Farsighted children struggle with attention, study finds
Vision problems often undetected, uncorrected in younger kids
Published on October 09, 2017
COLUMBUS, Ohio – Farsighted preschoolers and kindergartners have a harder time paying attention and that could put them at risk of slipping behind in school, a new study suggests.
An estimated 4 to 14 percent of preschoolers have moderate farsightedness, or hyperopia, but it often goes undetected in younger children. When moderate farsightedness is found, glasses aren’t always recommended because there’s disagreement about whether vision correction is appropriate for these children.
But an increasing body of evidence is showing that moderately farsighted 4- and 5-year-olds are at risk of struggling with the building blocks of learning, said Marjean Taylor Kulp, professor of optometry at The Ohio State University.
|Marjean Taylor Kulp|
“We knew from our previous work that preschool and kindergarten children with uncorrected farsightedness have decreased early literacy, and this new study shows that there are even more deficits in these children early on,” she said.
In the new study, which appears this month in the journal Optometry and Vision Science, Kulp and her collaborators tested children with and without farsightedness to evaluate their attention, visual perception and the ability to integrate visual perception and motor skills.
Tests for visual attention (the ability to zero in on some visual stimuli and ignore others) included looking at a picture, such as a butterfly, and finding the matching pictures in an array of images.
Overall, the children who were moderately farsighted based on results of eye exams performed at the start of the study were significantly more likely to have poorer scores on the attention-related tests.
While some children were able to focus their eyes and adjust for their farsightedness, others who were not able to do this and struggled to see close-up had lower scores on tests of visual attention, visual perception and visual-motor integration (eye-hand coordination or copying skills).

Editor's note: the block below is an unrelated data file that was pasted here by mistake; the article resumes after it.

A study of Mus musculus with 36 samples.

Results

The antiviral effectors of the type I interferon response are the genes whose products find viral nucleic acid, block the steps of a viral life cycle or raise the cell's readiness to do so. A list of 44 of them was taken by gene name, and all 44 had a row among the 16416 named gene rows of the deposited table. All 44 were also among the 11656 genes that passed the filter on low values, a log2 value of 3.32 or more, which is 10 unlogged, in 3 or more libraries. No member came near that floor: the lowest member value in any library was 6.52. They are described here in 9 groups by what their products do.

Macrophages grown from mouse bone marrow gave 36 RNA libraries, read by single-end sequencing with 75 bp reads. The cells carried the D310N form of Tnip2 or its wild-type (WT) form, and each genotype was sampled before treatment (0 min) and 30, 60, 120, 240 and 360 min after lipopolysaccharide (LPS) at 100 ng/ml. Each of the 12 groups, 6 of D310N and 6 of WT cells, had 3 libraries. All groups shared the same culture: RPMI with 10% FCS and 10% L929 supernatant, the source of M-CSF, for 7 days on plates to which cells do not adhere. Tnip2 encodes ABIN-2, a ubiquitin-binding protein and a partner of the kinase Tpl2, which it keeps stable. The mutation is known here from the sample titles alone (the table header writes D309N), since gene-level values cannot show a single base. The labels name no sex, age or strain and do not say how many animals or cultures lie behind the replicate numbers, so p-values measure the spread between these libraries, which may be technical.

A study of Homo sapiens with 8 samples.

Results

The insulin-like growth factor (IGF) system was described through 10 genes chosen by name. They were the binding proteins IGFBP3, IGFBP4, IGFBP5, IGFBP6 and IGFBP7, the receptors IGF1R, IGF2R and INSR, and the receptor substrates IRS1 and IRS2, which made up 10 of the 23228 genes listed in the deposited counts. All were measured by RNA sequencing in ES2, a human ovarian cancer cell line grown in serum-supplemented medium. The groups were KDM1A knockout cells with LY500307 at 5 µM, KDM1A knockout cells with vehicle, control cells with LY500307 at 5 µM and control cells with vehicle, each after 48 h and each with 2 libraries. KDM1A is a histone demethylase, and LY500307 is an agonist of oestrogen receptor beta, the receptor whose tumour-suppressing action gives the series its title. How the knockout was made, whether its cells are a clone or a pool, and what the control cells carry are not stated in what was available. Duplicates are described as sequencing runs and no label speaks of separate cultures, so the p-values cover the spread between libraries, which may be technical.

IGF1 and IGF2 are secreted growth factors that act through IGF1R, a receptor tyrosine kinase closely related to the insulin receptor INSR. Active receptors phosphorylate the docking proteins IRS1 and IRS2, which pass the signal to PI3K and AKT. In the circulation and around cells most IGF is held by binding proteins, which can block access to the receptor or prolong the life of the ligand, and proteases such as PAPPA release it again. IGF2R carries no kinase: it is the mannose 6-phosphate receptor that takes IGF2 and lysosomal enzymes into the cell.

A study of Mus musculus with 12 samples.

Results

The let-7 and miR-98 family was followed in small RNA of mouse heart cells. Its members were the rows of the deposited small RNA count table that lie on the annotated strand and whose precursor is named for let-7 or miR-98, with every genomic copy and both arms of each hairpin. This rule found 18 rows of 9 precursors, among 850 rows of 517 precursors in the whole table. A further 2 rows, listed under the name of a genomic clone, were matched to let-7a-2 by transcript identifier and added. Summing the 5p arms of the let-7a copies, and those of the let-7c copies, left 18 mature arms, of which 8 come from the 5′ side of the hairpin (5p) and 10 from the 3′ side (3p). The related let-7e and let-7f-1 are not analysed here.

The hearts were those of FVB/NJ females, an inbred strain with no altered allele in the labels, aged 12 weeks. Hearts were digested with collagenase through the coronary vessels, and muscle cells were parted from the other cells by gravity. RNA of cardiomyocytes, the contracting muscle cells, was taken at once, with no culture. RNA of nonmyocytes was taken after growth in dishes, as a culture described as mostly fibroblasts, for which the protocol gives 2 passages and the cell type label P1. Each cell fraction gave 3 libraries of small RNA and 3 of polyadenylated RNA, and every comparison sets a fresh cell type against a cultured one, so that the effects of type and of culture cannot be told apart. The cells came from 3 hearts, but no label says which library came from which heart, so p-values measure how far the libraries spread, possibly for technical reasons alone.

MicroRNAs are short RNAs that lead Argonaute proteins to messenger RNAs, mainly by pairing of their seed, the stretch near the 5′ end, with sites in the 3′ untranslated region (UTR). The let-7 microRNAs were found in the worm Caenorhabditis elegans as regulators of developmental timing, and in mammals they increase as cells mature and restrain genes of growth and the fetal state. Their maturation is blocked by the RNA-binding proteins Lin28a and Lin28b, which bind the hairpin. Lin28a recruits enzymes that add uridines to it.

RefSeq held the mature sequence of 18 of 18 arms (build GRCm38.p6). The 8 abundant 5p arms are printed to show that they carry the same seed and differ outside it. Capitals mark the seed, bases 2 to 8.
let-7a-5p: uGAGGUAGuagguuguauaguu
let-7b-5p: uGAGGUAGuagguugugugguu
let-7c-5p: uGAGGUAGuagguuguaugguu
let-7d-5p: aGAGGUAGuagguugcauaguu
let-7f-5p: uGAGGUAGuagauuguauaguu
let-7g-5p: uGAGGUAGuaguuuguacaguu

The study included 244 children with moderate farsightedness and 248 children with normal vision. Most were enrolled in a preschool Head Start programs in Pennsylvania, Ohio or Massachusetts. The researchers accounted for differences in age, sex, parental education and race.
The Vision In Preschoolers – Hyperopia In Preschoolers study group’s previous research found that children with uncorrected farsightedness lose ground on reading skills before they start first grade.
Though this study didn’t look specifically at the link between attention and learning, previous research has established that difficulties with attention can stand in the way of greater success in the classroom.
The researchers have applied for funding to do a follow-up study to determine the effect of glasses to correct farsightedness on these deficits. Until that work is complete, it remains unclear whether prescribing glasses to children in this age group will help with the setbacks the researchers have discovered, Kulp said.
In the meantime, Kulp said it’s important to recognize that moderate farsightedness
has the potential to create hurdles to learning and literacy.
“It’s important for us to identify these children and especially identify those who are having learning difficulties because of their vision,” she said.
The National Eye Institute supported the study.
Other researchers who were part of the Vision In Preschoolers – Hyperopia In Preschoolers study were Elise Ciner, of Salus University at the Pennsylvania College of Optometry, Maureen Maguire, Maxwell Pistilli and Gui-shuang Ying of the University of Pennsylvania; Bruce Moore, of the New England College of Optometry; Lynn Cyert, of Northeastern State University; T. Rowan Candy, of Indiana University; and Graham Quinn, of Children’s Hospital of Philadelphia.